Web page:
A Blue Plaque for Ronald Fisher’s Childhood Home in Hampstead
In May 2002 an English Heritage blue plaque was unveiled at Inverforth House, the house in North London where Ronald Aylmer Fisher, statistician and geneticist, spent his childhood. The house is in North End Way and faces Hampstead Heath. Google maps.
The ceremony is described below but first there is an account of the house and its place in Fisher’s life. The information about Fisher’s childhood is taken from the biography by his daughter, Joan Fisher Box, and the information about the house and gardens from Cherry & Pevsner’s volume on North London.
When Ronald was born in 1890 the family—there were five older children—was living in Finchley North London. The family moved to the Hampstead house in 1896. The move reflected their growing wealth. George Fisher, Ronald’s father, was partner in Robinson & Fisher of King St, a firm of auctioneers whose reputation, according to Box, rivalled Sotheby’s or Christie’s. (A Google search on “Robinson and Fisher” produces some traces of its former activity: see here for a page from one of its catalogues.)
House from the back (March 2003) Another photo
Box describes the house and what it provided, “In 1896 George Fisher moved from his home in Finchley to Heath House, a mansion he had built near the top of Hampstead hill, set in five acres of parkland and gardens. There were ponies for the children and a goat-chaise [Harness Goat Society] which they drove round the grounds and a carriage and pair for the parents.” (The account in Baker suggests that the house was not Heath House but Hill House and that George Fisher rebuilt an existing house.)
Ronald Fisher as a child
Ronald’s mother died aged 49 when he was 14. Within eighteen months his father lost his fortune and the family had moved to Streatham. Ron relied on scholarships to keep him at Harrow and to send him to Cambridge.
In 1919 Fisher was appointed to a position at Rothamsted Experimental Station in Harpenden. In 1933 when he succeeded Karl Pearson as Galton Professor of Eugenics at University College London Fisher did not follow his predecessor’s example and live in Hampstead (See Karl Pearson’s Hampstead home) but stayed in Harpenden. The house where the Fisher family lived, Milton Lodge at 3 Milton Road, now longer stands as the site was redeveloped in the 80s; see Gavin Ross The Fishers at Milton Lodge and Milton Road East Side.
There is another blue plaque (London remembers) on the property, commemorating William Lever, 1st Viscount Leverhulme (1851-1925). It reads “Soap-maker and Philanthropist, lived and died here.” Lever lived there from 1904 and in his time the property was known as The Hill. (The entry in Cherry & Pevsner is under this name and is about Lever’s house.) Lever had the house remodelled and enlarged and the garden redesigned by Thomas H. Mawson (see the nice aerial view). The garden, called The Hill, is much admired (1 2 3) and has been a public park since 1960. It was restored in the 1990s after a long period of neglect. See also Camden Listed Buildings and Parks and Gardens UK.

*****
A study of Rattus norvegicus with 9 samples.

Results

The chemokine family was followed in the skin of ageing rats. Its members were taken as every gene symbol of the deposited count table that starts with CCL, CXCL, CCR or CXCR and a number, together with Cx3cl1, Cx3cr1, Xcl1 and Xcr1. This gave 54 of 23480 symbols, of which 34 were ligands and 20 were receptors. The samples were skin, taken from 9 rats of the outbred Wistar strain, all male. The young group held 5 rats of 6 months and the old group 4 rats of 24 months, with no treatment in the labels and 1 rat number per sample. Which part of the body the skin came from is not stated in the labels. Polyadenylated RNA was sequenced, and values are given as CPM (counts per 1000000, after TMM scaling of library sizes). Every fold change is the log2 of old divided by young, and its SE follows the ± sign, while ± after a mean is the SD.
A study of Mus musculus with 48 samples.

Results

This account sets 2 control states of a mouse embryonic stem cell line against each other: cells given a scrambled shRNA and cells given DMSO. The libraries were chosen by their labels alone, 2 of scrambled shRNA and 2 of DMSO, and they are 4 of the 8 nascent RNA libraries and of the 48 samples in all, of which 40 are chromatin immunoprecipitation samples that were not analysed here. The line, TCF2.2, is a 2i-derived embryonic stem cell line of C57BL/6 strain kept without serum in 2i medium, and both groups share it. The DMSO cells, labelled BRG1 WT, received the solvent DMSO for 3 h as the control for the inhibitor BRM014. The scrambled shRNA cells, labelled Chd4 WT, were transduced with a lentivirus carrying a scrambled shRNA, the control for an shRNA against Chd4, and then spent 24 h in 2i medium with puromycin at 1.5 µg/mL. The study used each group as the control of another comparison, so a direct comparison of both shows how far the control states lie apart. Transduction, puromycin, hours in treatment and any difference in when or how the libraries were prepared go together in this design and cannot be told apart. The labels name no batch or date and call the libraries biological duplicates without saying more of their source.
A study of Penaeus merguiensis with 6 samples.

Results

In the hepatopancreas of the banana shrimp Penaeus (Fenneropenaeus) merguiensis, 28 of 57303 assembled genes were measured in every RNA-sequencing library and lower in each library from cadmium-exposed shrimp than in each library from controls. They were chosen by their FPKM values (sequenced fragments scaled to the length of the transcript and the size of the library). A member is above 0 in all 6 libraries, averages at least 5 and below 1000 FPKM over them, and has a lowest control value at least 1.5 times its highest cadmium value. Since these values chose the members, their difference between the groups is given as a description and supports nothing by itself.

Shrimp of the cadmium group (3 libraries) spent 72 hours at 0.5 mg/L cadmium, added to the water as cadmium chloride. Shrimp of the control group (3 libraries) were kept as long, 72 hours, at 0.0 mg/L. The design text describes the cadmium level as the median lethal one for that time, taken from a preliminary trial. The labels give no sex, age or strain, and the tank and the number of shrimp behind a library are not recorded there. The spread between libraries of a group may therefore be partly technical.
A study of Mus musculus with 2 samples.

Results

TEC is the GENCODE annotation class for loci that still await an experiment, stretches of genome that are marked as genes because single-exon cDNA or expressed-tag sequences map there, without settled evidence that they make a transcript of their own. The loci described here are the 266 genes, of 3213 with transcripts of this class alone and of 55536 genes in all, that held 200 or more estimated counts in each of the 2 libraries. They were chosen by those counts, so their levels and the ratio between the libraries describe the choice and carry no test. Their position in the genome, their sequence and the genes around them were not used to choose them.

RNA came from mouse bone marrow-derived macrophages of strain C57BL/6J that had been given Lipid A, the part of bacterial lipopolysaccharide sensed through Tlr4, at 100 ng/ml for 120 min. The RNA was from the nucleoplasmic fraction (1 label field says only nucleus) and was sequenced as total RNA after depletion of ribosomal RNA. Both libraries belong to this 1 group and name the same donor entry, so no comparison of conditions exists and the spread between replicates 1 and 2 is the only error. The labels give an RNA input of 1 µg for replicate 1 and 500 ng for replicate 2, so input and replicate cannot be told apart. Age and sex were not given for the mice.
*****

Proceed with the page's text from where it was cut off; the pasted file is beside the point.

There is a plaque for an earlier resident of an earlier house, John Gurney Hoare of the well-known banking family. This was put up by Hampstead Plaque Fund (London remembers) to recall Hoare and his role in preserving the Heath in the 19th century; See Hampstead Heath.
There is no plaque for Lord Inverforth, the shipping magnate Andrew Weir, who acquired the property after Lever’s death. Dorothy Dawes has left an account of life as a maid in the Inverforth household in the 1930s. Inverforth died in 1955 and left the property to Manor House Hospital and, renamed Inverforth House, it became the women’s section of the hospital. The house still has that name, though it is now divided into luxury apartments. A 2001 piece by Peter Birkett in the Telegraph described some of the problems encountered in the conversion.
On Friday 17 May the Royal Statistical Society held a meeting in London to mark the unveiling of a memorial plaque to Sir Ronald Aylmer Fisher at the house in Hampstead where he spent his childhood. Such blue plaques commemorating famous people are a notable feature of the London street scene - an earlier example is one for Karl Pearson less than a mile away at 7 Well Road near Queen Mary’s Hospital.
The plaque was unveiled by June Posey, one of Fisher's daughters, in the presence of her brother Harry Fisher and one of her sisters, Margaret Fisher, and three of Fisher's grandchildren, David Newsom, Ruth Hodson and Amanda Posey.
The chairman of the ‘blue plaque’ committee of English Heritage, Francis Carnwath, and the President of the Royal Statistical Society, Peter Green, gave short addresses, before a gathering of some thirty wellwishers.
The house, now called Inverforth House, is half-way along North End Way, on the west side of the road opposite Hampstead Heath. It has been extended over the years and is currently being converted into flats.
In the afternoon papers were read at the Royal Statistical Society to mark the occasion. M.J.R.Healy spoke on Fisher's statistical work, A.W.F.Edwards on Fisher's genetical work and Alan Grafen on Fisher's contributions to evolutionary theory. *
Chair - ISI History of Statistics Committee
* The papers have appeared in The Statistician (Journal of the Royal Statistical Society, Series D), (2003), 52 (3) pp. 297-330.